A Russian ‘bahu’ in an Indian home
The ‘Bahu’ (Hindi for daughter-in-law) doesn’t just play the role of the son's wife in the family hierarchy, she is also one of the protagonists of the sophisticated relationship between the two most important women in any man's life.
In India, when a man marries he gets a wife, whereas a woman gets a whole family. The role that the bahu plays in any traditional family as a woman of the house involves sharing responsibilities with her mother-in-law in household chores, such as cooking, shopping and even praying. For an outsider like me, all this seemed like duties that a young wife is expected to do once she gets married. In reality, for most Indian girls it is a way of life in a new family.
In Russian culture, the relationship between a mother-in-law and her daughter-in-law is much more simple and distanced than it is in India. First of all, there are no such close ties between the two families whose children are married. Second, usually there are no joint families. A newly married couple gets full freedom and does not have many obligations before the elders. In India, however, there are lots of expectations from a woman in the son's family. Marriage indicates that a girl is leaving her family forever and enters another family - becoming a ‘bahu’.
I have being lucky to go through the colourful experience of being a part of an Indian family for the past eight years. My story is about a Russian bahu in a modern Indian family. What has my experience been? To describe it in few words; emotional, surprising and full of warmth and care.
My mother-in-law is a Keralite and a very educated and experienced professional who spent more than 30 years abroad. My father-in-law is a Bengali Doctor of science who used to live abroad and has seen the world. Spending so many years outside India usually doesn't affect the attitude of Indian family towards traditions and the way they see their life. However, I was lucky enough to join a family which is so open-minded and tolerant to have a non-Indian daughter-in-law.
Indian parents love to take a very active part in their children's lives. It is different in Russian culture. Sometimes it made me feel a little uncomfortable by having family discussions about small things that are happening in our life and having decisions made by the elders in the family.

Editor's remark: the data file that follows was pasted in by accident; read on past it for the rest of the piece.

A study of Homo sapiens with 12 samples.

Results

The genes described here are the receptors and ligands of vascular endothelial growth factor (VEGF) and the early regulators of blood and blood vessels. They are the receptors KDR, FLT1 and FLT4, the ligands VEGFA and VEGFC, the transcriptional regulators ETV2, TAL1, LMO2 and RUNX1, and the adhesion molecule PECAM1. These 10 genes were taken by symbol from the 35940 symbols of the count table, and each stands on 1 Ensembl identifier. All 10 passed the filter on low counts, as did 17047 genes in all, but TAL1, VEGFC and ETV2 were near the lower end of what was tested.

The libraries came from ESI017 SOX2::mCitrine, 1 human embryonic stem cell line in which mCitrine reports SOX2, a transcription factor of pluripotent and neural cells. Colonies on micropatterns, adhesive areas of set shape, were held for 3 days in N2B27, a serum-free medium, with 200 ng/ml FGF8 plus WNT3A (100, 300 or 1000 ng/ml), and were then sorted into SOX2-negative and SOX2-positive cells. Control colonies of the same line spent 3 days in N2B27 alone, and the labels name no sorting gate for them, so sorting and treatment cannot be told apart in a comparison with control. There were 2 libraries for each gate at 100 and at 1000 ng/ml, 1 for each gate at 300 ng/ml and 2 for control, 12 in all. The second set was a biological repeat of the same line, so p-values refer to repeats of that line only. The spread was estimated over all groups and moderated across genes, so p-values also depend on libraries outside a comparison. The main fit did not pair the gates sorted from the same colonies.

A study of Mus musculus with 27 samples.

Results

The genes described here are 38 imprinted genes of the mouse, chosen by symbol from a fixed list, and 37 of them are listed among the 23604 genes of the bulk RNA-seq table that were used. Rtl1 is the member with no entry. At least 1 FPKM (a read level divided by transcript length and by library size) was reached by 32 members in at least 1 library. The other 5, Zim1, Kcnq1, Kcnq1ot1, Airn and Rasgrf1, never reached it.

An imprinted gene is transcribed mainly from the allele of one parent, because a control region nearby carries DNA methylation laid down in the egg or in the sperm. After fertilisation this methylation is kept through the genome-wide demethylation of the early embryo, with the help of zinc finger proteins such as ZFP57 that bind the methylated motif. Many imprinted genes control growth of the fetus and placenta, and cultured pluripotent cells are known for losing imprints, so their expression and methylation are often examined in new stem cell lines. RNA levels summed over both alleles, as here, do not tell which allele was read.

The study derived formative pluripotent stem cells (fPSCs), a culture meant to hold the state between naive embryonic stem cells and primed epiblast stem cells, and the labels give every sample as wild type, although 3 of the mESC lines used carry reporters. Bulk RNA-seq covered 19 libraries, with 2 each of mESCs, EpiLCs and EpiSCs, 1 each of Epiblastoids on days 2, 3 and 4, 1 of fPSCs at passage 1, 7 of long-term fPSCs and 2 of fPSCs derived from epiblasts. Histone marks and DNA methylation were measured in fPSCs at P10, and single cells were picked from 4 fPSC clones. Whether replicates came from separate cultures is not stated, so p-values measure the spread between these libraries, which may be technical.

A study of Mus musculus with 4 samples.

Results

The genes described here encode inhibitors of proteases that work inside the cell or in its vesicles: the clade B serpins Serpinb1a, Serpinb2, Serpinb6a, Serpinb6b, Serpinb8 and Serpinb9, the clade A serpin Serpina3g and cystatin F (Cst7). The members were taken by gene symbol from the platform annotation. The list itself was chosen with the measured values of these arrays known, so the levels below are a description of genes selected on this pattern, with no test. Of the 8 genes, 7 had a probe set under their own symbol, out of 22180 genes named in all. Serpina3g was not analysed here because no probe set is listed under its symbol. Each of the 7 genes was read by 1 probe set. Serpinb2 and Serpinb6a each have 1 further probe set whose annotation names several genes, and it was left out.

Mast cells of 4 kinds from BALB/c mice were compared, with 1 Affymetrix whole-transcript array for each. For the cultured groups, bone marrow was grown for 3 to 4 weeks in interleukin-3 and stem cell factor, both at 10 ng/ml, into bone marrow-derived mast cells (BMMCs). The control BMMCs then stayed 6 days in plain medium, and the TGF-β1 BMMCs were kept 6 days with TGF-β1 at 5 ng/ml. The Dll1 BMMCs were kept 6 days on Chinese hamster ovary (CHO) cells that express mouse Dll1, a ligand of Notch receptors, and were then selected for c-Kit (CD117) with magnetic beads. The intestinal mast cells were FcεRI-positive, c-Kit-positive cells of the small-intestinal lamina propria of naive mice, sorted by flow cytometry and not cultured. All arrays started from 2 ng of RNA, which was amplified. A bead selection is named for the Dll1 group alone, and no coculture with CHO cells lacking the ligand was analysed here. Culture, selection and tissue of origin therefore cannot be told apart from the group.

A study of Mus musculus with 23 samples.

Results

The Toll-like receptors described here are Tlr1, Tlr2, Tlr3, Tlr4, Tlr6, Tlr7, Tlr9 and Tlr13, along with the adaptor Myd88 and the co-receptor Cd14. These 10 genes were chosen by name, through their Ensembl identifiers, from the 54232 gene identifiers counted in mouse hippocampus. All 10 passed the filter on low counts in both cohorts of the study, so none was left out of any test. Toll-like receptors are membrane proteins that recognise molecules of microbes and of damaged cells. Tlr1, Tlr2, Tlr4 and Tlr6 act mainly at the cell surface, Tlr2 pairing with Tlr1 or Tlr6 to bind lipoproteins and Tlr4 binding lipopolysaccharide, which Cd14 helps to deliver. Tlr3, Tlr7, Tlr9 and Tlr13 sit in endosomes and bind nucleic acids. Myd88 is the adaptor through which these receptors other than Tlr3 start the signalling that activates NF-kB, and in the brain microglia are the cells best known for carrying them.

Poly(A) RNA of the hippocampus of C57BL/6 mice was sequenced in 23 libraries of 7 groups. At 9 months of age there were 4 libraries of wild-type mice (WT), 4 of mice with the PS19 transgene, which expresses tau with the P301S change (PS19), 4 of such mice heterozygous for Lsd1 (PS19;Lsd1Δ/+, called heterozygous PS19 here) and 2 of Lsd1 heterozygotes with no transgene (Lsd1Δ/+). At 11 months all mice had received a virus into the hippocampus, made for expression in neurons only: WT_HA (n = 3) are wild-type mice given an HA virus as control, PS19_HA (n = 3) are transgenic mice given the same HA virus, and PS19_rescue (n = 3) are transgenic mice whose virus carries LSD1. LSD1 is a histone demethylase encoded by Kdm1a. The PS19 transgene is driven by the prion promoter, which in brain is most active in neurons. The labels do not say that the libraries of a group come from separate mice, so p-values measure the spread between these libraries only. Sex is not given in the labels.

A daughter-in-law is expected to take as good care of her mother-in-law as she would do with her own mother. Since family relationships in Russia are not that close, no matter how much affection is shown, it is never enough for Indian parents.
After the birth of my son, I had the pleasure of being pampered Kerala style. A masseuse gave me an Ayurvedic oil massage every day to bring my muscles back in tone and a eucalyptus bath afterwards. I also had a babysitter who helped me to take care of my small baby. My mother-in-law took care of my diet so that I could provide a nutritious supply of breast milk. On the other hand, since I got such good care, I feel the need to take as good care of my husband, as mothers do in India.
Food is a very important part of any family experience in India. It is expected that the wife will do the cooking. In many cases, the wife can't start eating before the whole family does and will serve food on the plate of her husband. Maybe all these are old habits but they show the wife’s caring attitude towards her husband.
Some of my friends tell me that these are outdated habits; that in modern Indian families this is no longer the case. I have been thinking about that. I have been watching Indian and mixed Indo-Russian families around. I see the changes in today's society.
Many young couples do not behave that way. On the other hand, I also realized that Russian women have it in their blood to take good care of their husbands. That has nothing to do with family, culture or societal expectations. Russian women have great hearts; maybe they can’t become ideal ‘bahus,’ as stereotyped in Indian television programmes and films, but they will give all their love and care to their husbands.
The article was first published in 2013.